Friday, August 31, 2012

Bruce Chen: Rolling With The Greats (and Mark Redman)

I was 16 years old when I first became suspicious that wins weren't the best way to evaluate a pitcher's season. The year was 1987 and Nolan Ryan, one of my favorite players (still), led the league in earned run average and strikeouts but finished with just an 8-16 record. He also led the league in H/9 and SO/9, and if his record had been reversed, he might have won the Cy Young award instead of finishing fifth. (Because no NL starting pitcher won 20 games that year we live in a world where Steve Bedrosian is a Cy Young award winner and Dan Quisenberry isn't.)

Bruce Chen, as you know, recently won his 10th game of the year marking the third straight season where he's reached double digits in victories. It was semi-celebrated. I suspect it would have been a bigger deal a decade or two ago but the win climate has shifted and people seem to know better. It's also still not particularly impressive but 10 wins will lead the Royals in wins a lot of years. Anyway it got me wondering about similar seasons in Royals history, seasons where a left-handed starter won 10+ games with an ERA+ under 90. I wasn't shocked that only five seasons popped up but I was surprised with the players on it, well, a couple of them at least. Two Royals Hall of Famers and Mark Redman, who sadly was the team's All Star representative the year he achieved this feat.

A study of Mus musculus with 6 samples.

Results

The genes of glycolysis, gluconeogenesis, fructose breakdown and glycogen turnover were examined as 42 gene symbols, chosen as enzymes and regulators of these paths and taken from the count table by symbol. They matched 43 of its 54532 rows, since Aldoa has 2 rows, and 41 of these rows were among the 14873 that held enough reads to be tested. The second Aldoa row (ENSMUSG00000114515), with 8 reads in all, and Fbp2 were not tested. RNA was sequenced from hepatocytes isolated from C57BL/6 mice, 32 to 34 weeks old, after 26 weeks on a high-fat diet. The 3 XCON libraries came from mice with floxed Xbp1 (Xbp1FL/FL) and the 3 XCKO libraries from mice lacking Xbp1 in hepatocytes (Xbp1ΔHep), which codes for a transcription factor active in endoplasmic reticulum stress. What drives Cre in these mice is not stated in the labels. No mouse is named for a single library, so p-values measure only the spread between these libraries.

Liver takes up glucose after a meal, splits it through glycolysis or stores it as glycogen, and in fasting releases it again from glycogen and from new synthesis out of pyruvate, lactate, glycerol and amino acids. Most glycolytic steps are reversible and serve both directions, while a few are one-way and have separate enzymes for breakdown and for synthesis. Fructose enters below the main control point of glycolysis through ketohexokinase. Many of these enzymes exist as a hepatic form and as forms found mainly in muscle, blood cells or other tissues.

Rk Player Year W ERA+ IP
1 Bruce Chen 2012 10 81 154.1
2 Mark Redman 2006 11 82 167.0
3 Larry Gura 1984 12 77 168.2
4 Larry Gura 1983 11 83 200.1
5 Paul Splittorff 1976 11 89 158.2
Provided by View Play Index Tool Used

Two right-handers have produced this type of season - Luke Hochevar last year, and another Royals Hall of Famer, Dennis Leonard, in 1982. Seeing Gura and Splittorf on there, and Leonard for that matter, has me predicting that someday, somewhere, a Royals fan is going to believe that Chen should be in the Royals Hall of Fame.

Dayton Moore jumped the gun last winter before allowing the free agent market to play out and signed Chen to a two year contract, so the gum chewing lefty will be back next season. And since he'll likely lead the team in wins he'll enter spring training a virtual lock for a rotation spot (not everybody knows better). So the question is, which Chen will show up?

In some aspects he has been better than he was the last two seasons when he posted ERA+'s above 100. Chen is sporting a career low 2.1 BB/9 which in turn has helped him to a career best 3.11 SO/BB. He's issued just 35 unintentional walks in 28 starts. Even though he's 35 years old a bounce back season next year isn't out of the realm of possibility.

Since 1901 there have been nine seasons, not counting Chen's 2012, in which a 35 year old lefty posted an ERA+ in the 78-89 range (min. 150 IP). You may be encouraged to know that over half of those were at 100 or higher the next year. You may be discouraged to know that half of those that were as bad or worse at age 36 played for the Royals (Gura and McWilliams).

Rk Player 35 36
1 Rube Marquard 78 106
2 Herb Pennock 79 100
3 Al Hollingsworth 80 82
4 Joe Nuxhall 89 109
5 Jim Rooker 88 85
6 Geoff Zahn 82 109
7 Larry Gura 83 77
8 Larry McWilliams 88 41
9 Buddy Black 84 110

So yes, I'm saying there's a chance.